This writer will admit that he joked to a friend recently about music video director Joseph Kahn’s slow feature film output over the last 13 years as almost making him the new Terrence Malick. While don’t take that as anything more than a goof, each of his three features do represent a very specific point in time that’s bound to be dated within a short period. His first feature Torque arrived in the middle of the Neal Moritz renaissance and was Kahn’s stealth attempt to smuggle a parody of The Fast and The Furious beer commercial aesthetic within an actual Fast and Furious knock-off. The second, Detention, came at the dawn of social media dominance, as obnoxious and scatterbrained a millennial anthem one could hope for.
Now arrives the third feature, Bodied, coming at the beginning of “Trump’s America,” and it is, if anything, a middle-finger to “The Movie We Need Right Now” ethos dolloped out on a daily basis. The most ideological of the three, it’s also formally a bit more inconsistent than the previous two, which saw Kahn taking all the skills learned from hundreds of music videos to the extreme for the sake of deconstructionist pop-filmmaking. Bodied is as much a “pop” film, but it definitely feels a little rougher around the edges, if justly suited to its underground California battle rap setting. Though that may have to also do with the fact that the film’s chief concern is words.
Above all a rapid joke machine that targets virtue signaling wokeness, rich kid Marxism, white privilege, cultural appropriation, and the double-edged sword of freedom of speech, the film can at times be as almost as much a furious indulgence in contradictions as the wackiest Spike Lee joints. Though perhaps its viewpoint is less figuring out its ideology as it goes along as it is simply sticking up its nose at everything.
The film finds its way in through the lily white Berkeley student Adam (Calum Worthy, looking like a mix of Tobey Maguire and Caleb Landry Jones), who gets thrust into the world of battle rap when conducting research for his graduate thesis on, yes, the use of the n-word in hip-hop. Taken under the wing of battle rap star Ben Grimm (Jackie Long), Adam is still almost never not the butt of the joke. Armed with a large IQ but more importantly a lack of self-awareness, he crosses a line when battling Korean rapper Dumbfoundead, dropping a number of racist Asian jokes involving eyesight and small genitals. Attaining a level of transgression that gains him both notoriety and a name brand, Adam sets about a path that takes him far out of academia’s “safe space.”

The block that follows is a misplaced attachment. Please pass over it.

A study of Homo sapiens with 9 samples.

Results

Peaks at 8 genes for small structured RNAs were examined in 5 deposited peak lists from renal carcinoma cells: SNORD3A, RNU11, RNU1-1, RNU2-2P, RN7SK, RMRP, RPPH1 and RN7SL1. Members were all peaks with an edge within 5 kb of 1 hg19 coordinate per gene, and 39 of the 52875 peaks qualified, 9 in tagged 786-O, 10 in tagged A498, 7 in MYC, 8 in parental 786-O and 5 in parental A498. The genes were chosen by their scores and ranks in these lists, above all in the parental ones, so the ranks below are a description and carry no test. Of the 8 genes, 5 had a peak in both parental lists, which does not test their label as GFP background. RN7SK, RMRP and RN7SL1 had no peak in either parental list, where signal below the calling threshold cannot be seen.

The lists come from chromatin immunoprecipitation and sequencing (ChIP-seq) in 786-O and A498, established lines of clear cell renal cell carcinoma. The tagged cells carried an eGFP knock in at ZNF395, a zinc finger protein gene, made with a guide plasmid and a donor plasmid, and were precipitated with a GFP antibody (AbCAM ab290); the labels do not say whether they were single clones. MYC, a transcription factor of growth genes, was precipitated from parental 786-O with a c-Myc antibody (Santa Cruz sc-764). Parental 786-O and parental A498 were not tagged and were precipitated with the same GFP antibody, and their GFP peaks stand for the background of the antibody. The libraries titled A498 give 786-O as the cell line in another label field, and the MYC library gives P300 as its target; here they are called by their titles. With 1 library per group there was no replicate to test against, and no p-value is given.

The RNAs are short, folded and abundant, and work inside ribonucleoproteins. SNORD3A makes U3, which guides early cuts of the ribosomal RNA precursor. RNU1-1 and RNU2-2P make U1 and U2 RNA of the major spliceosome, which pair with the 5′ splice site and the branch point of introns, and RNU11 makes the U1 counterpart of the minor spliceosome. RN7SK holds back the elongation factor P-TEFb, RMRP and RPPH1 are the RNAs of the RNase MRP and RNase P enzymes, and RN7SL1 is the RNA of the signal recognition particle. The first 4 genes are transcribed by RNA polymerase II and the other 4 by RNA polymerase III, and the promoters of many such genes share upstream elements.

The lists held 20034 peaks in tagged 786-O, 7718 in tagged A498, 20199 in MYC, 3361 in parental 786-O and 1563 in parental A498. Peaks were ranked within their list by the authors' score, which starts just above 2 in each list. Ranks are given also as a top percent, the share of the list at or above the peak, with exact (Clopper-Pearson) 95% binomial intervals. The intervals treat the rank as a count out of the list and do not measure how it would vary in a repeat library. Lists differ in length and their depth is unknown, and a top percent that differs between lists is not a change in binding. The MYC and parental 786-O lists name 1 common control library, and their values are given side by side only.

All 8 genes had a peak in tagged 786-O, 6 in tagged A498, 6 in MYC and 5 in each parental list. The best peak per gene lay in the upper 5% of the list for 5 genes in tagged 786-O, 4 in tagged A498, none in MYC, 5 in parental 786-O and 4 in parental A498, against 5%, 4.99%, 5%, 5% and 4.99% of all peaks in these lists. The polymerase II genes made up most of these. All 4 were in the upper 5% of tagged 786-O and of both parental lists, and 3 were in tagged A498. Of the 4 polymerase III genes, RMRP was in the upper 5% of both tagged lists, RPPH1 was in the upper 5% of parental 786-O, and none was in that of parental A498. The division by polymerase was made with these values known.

Boasting creative input by Kahn’s past collaborator Eminem, the film functions like something of a revisitation of 8 Mile, though one if its best conceits is in how it flips that film’s lower-class milieu on its head. Looking at this versus that 2002 film, Adam’s privilege seems to point to the lack of class consciousness in recent American cinema. The “white savior,” a concept which again this parodies, is pointed out as a product of something far more insidious within culture.
Though it should be noted that for all of Bodied’s virtues, this writer felt at times that the TIFF version he saw may have been a rough cut; the film feels a little baggy at two hours and the joke batting average is perhaps a little lower than one hoped for. That being said, Kahn’s film taken on its own terms doesn’t seem to be striving for anything beyond an in-the-moment provocation, even if it has the occasional insight.
Bodied premiered at the Toronto International Film Festival and will open on November 2, 2018.